Tuesday, August 30, 2011

In Which We Discuss the Cost of Kindness, or Its Lack

What is the cost of kindness?

In my job I wonder if I am meant to be kind. The Clientele we serve have the Right to courteous, respectful, efficient, and fair service, and as a deliverer of service, it becomes my role to fulfill these expectations. Yet, none of those traits involves kindness.

At least once a day, a client will remark on what they perceive to be my “kindness.” For my own part I do not consider my actions or words deserving of the adjective. I fulfill my role to the best of my ability, to the fullest extent I am able. I do this with empathy, clarity, and patience. I seek to communicate in ways that the client will understand and am careful to ask whether s/he has questions about any of our discussion or the service. Is this kindness?

Dictionary.com provides one definition here:

1    [kahynd]
adjective, -er, -est.
1.  of a good or benevolent nature or disposition, as a person: a kind and loving person.
2.  having, showing, or proceeding from benevolence: kind words.
3.  indulgent, considerate, or helpful; humane (often followed by to ): to be kind to animals.
4.  mild; gentle; clement: kind weather.
5.  British Dialect . loving; affectionate.

By all these definitions, ought not a worker aim to incorporate this into service delivery and client interaction? Why would we not be friendly, charitable? Why would we not have the aim to do good?

Why is it rare enough to remark upon?

I am, perhaps, not giving it a fair stage, given my work place, or perhaps it is all too appropriate. Where should kindness be but in the places that need it most?

When one becomes part of a group, an organization, the ability to ask this question and form a coherent answer decreases, or seems less accessible. Our ability to take personal responsibility is subverted by the influence of the Larger. Even in public service, our collective goal is targeted towards management—damage control—and when you are told or have come to think all you can do is put a bandage over a wound that refuses to heal, you believe it, and when you believe it, your actions mimic your beliefs. Instead of healing, you place bandages and know in your heart that is all you can do.

What role does kindness have in the world then? How can it fit into your life when you are not being kind, when honesty has no place? When you do people no favours and instead apply temporary stops, never treating the wounds?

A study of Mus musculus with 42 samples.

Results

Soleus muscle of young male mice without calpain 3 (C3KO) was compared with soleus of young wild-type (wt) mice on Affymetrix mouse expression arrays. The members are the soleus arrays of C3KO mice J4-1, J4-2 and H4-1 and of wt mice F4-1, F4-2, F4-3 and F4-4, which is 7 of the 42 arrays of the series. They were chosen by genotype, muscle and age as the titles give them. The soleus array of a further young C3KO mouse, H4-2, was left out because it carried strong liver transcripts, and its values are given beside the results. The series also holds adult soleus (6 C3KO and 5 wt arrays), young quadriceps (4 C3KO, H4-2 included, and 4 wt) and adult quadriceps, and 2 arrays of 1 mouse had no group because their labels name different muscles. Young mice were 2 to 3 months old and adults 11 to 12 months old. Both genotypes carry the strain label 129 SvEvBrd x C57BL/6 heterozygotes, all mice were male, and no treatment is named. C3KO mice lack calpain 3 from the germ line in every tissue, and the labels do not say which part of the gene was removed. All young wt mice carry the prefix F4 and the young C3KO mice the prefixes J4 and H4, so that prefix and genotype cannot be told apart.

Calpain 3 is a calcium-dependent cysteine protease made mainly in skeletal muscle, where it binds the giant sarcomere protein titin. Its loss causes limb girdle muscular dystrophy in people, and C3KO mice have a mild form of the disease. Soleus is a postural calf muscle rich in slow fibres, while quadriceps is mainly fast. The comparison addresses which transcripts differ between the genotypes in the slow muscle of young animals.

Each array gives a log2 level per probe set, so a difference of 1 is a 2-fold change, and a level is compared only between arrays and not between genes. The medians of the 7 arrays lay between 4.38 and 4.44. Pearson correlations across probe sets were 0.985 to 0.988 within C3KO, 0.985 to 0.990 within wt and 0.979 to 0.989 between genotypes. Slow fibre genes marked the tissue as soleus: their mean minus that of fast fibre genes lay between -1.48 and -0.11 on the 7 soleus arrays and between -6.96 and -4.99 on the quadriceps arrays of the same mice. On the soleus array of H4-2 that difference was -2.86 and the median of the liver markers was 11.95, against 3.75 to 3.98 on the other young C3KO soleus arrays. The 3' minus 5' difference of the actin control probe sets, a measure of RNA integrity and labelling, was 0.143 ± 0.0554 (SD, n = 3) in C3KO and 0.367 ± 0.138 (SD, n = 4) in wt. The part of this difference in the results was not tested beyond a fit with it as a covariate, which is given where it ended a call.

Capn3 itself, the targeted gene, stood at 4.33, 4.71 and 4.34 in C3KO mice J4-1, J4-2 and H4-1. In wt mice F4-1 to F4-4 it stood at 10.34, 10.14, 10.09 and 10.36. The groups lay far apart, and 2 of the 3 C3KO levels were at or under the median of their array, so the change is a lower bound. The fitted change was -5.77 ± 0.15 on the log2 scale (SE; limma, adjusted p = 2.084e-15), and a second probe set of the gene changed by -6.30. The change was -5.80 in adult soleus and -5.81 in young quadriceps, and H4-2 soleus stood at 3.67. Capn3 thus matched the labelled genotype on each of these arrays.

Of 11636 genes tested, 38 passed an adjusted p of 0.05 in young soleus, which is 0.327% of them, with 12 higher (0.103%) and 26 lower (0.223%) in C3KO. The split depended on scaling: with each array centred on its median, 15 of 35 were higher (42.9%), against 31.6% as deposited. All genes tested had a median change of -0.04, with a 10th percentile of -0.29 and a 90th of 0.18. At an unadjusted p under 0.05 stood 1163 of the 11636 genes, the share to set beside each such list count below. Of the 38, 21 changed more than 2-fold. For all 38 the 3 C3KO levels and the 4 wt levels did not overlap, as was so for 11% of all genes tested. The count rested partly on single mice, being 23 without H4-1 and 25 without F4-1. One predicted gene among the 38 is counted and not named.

In work, I am not meant to be kind. This is not a goal of the organization, and we, as workers, are not so self-aware as to take kindness into ourselves and into our work. How do we do good in the world when we do not know we are able?

Kindness is always appropriate. Given its scope, the degrees to which you show kindness or are kind are without limit. Yet with kindness comes vulnerability. More often than I care to remark, I encounter people who try to take advantage of that kindness, misinterpreting it as an invitation to walk on the giver, or push their own agenda. These people are so out of touch with kindness that they sense it as an advantage, a means of exploitation—a weakness. In many cases these people do not respond to a gentle approach and instead will push until they find the resistance they expect, the harshness to which they are accustomed. Failing this, they will grow frustrated with the lack of reaction elicited by their behavior and leave.

Not every person will respond to kindness. Kindness will not solve all problems, but by acting to bring good into the world, one may at least lessen the potential for unwanted incidences or further meanness. This takes conscious effort and discipline; it is personal and one cannot expect it to be echoed in other areas, or readily supported. Kindness finds a balance between firmness and kindness, empathy and responsibility.

But am I meant to be kind? Is it appropriate in my line of work where kindness is the exception? Are public service and kindness exclusive?

Kindness belongs in both one’s personal lives and the world at large. At home and at work.

To do good. Tikkun olam: healing the world.

In your daily interactions, is this anywhere near your mind? Do you ask yourself what you bring to life?  My husband has heard me ask this, of myself and of him, on numerous occasions.



Now ask yourself: what are you adding to the world?